Is Art Therapy an Effective Treatment for Eating Disorders?

Emily Weekes

There has been a sharp rise in the prevalence of eating disorders (Hay et al., 2023). A particularly high rate of eating disorder patients (up to 70%) choose to drop out of traditional talking therapies (e.g., cognitive behavioural therapy) (Fassino et al., 2009; Heywood et al., 2022), and eating disorders have a high relapse rate, with published estimates ranging from 22% to 63% (McFarlane et al., 2008). This suggests that research into alternative treatment options would be beneficial for those struggling with eating disorders.

Feelings of shame are closely associated with the formation and maintenance of eating disorders (Troop & Redshaw, 2012). Talking therapies alone are often not enough to express and work through the complexity of feelings of shame (Greenberg & Iwakabe, 2011). Griffin et al. (2023) hypothesised that art therapy could address eating disorder patients' feelings of shame by allowing them to visually represent their feelings and feel empowered through movement, sensory and symbolic activities.

Summary of Griffin et al. (2023) - Art therapy and eating disorders: A mixed methods feasibility study


Griffin et al. (2023) conducted a feasibility study to explore whether a large-scale randomised controlled trial that investigates the impacts of art therapy on eating disorders would be feasible. Besides gaining an understanding of the feasibility, they also gained insights into the impacts of art therapy on those with anorexia nervosa.

Researchers obtained a sample of nine 18–43-year-old women diagnosed with anorexia nervosa (AN) that were part of a Day Patient Program at the Royal Melbourne Hospital. The participants took part in twice-weekly 1.5-hour group art therapy sessions for 8 weeks. They were interviewed by the researchers on week 4 and week 8 of the art therapy programme. They were also asked to complete questionnaires using the Experience of Shame Scale (Andrews et al., 2002) before the study began and at weeks 2, 4, 6 and 8.

A thematic analysis of the interviews demonstrated that participants responded very well to the art therapy sessions. General themes suggested that art therapy promotes self-regulation, flexible attitudes and self-expression while allowing for the exploration of unfamiliar areas of the self and challenging the perfectionistic ideals that are very often seen in patients with eating disorders. Many participants also reported feeling empowered and accomplished. They explained that the non-verbal element of art therapy was helpful when they struggled to vocalise what they were feeling but felt that they needed a release. Participants also responded well to the group environment and seeing others’ points of view. Results showed no adverse effects of the art therapy sessions on the participants.

Despite this, researchers found that there was a large amount (over 40%) of missing data due to very high attrition rates (5 participants left the study as they withdrew from the Day Patient Program), meaning that hypothesis testing of questionnaire results was not conducted, and trends in data were instead discussed descriptively. Trends in the Experience of Shame Scale questionnaire showed that participants’ levels of shame were lower after they started the art therapy sessions.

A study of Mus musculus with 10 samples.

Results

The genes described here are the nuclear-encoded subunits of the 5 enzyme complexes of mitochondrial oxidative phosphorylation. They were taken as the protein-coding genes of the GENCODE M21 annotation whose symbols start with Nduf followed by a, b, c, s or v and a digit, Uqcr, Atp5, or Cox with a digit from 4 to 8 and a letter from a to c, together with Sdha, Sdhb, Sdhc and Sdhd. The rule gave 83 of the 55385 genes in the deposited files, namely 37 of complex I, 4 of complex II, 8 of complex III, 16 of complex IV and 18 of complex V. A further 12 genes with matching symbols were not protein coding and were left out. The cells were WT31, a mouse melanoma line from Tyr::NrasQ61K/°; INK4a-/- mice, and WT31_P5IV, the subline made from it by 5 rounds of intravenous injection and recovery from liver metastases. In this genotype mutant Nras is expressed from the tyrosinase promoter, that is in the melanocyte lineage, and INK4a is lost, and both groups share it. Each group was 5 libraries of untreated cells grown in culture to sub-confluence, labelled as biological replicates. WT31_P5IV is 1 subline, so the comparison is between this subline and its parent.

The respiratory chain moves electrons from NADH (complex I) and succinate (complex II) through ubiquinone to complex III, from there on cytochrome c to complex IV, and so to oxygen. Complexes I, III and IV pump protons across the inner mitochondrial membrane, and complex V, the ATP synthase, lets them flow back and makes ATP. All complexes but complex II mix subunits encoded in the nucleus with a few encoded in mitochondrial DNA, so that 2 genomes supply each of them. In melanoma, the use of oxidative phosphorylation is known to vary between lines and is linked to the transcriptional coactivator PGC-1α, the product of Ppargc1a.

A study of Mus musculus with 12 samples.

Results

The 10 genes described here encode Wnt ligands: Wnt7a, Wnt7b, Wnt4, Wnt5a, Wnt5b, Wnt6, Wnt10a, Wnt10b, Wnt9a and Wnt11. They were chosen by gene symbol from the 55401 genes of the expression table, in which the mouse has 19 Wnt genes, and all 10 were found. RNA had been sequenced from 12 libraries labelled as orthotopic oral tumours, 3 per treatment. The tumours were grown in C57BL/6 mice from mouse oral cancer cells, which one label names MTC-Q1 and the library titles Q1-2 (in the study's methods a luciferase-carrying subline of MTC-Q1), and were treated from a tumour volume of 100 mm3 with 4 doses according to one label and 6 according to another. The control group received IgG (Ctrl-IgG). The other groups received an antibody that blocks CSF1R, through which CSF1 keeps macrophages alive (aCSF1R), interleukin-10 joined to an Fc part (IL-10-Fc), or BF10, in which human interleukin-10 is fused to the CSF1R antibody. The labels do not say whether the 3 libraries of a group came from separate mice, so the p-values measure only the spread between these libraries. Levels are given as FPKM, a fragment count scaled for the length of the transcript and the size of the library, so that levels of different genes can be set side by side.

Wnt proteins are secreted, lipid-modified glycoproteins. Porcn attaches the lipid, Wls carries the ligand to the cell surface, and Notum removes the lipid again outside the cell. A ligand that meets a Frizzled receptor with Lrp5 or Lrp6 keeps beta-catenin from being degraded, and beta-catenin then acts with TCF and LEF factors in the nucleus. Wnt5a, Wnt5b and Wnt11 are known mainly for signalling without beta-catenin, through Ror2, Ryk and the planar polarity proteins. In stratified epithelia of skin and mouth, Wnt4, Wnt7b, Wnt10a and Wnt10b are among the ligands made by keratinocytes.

Overall, it was concluded that while art therapy sessions were practical to run and could facilitate self-expression, accomplishment and flexibility in participants, conducting large-scale studies on the effectiveness of art therapy for adults with eating disorders would be feasible only if high rates of attrition and missing data could be resolved.

It seems that art therapy may be an effective way of allowing those with eating disorders to non-verbally express themselves and challenge perfectionistic ideals. However, the study discussed had an extremely small sample size and focused only on the impacts of art therapy on those with anorexia nervosa. Therefore, further research into the impacts of art therapy on those with other eating disorders, and on larger sample sizes should be conducted.


Andrews, B., Qian, M., & Valentine, J. D. (2002). Predicting depressive symptoms with a new measure of shame: The Experience of Shame Scale. British Journal of Clinical Psychology, 41(1), 29-42.

Fassino, S., Pierò, A., Tomba, E., & Abbate-Daga, G. (2009). Factors associated with dropout from treatment for eating disorders: a comprehensive literature review. BMC Psychiatry, 9, 1-9.

Greenberg, L. S., & Iwakabe, S. (2011). Emotion-focused therapy and shame.

Griffin, C., Fenner, P., Landorf, K. B., & Cotchett, M. (2023). Art therapy and eating disorders: A mixed methods feasibility study. The Arts in Psychotherapy, 82, 101994.

Hay, P., Aouad, P., Le, A., Marks, P., Maloney, D., Touyz, S., & Maguire, S. (2023). Epidemiology of eating disorders: population, prevalence, disease burden and quality of life informing public policy in Australia—a rapid review. Journal of Eating Disorders, 11(1), 23.

Heywood, L., Conti, J., & Hay, P. (2022). Paper 1: a systematic synthesis of narrative therapy treatment components for the treatment of eating disorders. Journal of Eating Disorders, 10(1), 137.

McFarlane, T., Olmsted, M. P., & Trottier, K. (2008). Timing and prediction of relapse in a transdiagnostic eating disorder sample. International Journal of Eating Disorders, 41(7), 587-593.

Troop, N. A., & Redshaw, C. (2012). General shame and bodily shame in eating disorders: A 2.5‐year longitudinal study. European Eating Disorders Review, 20(5), 373-378.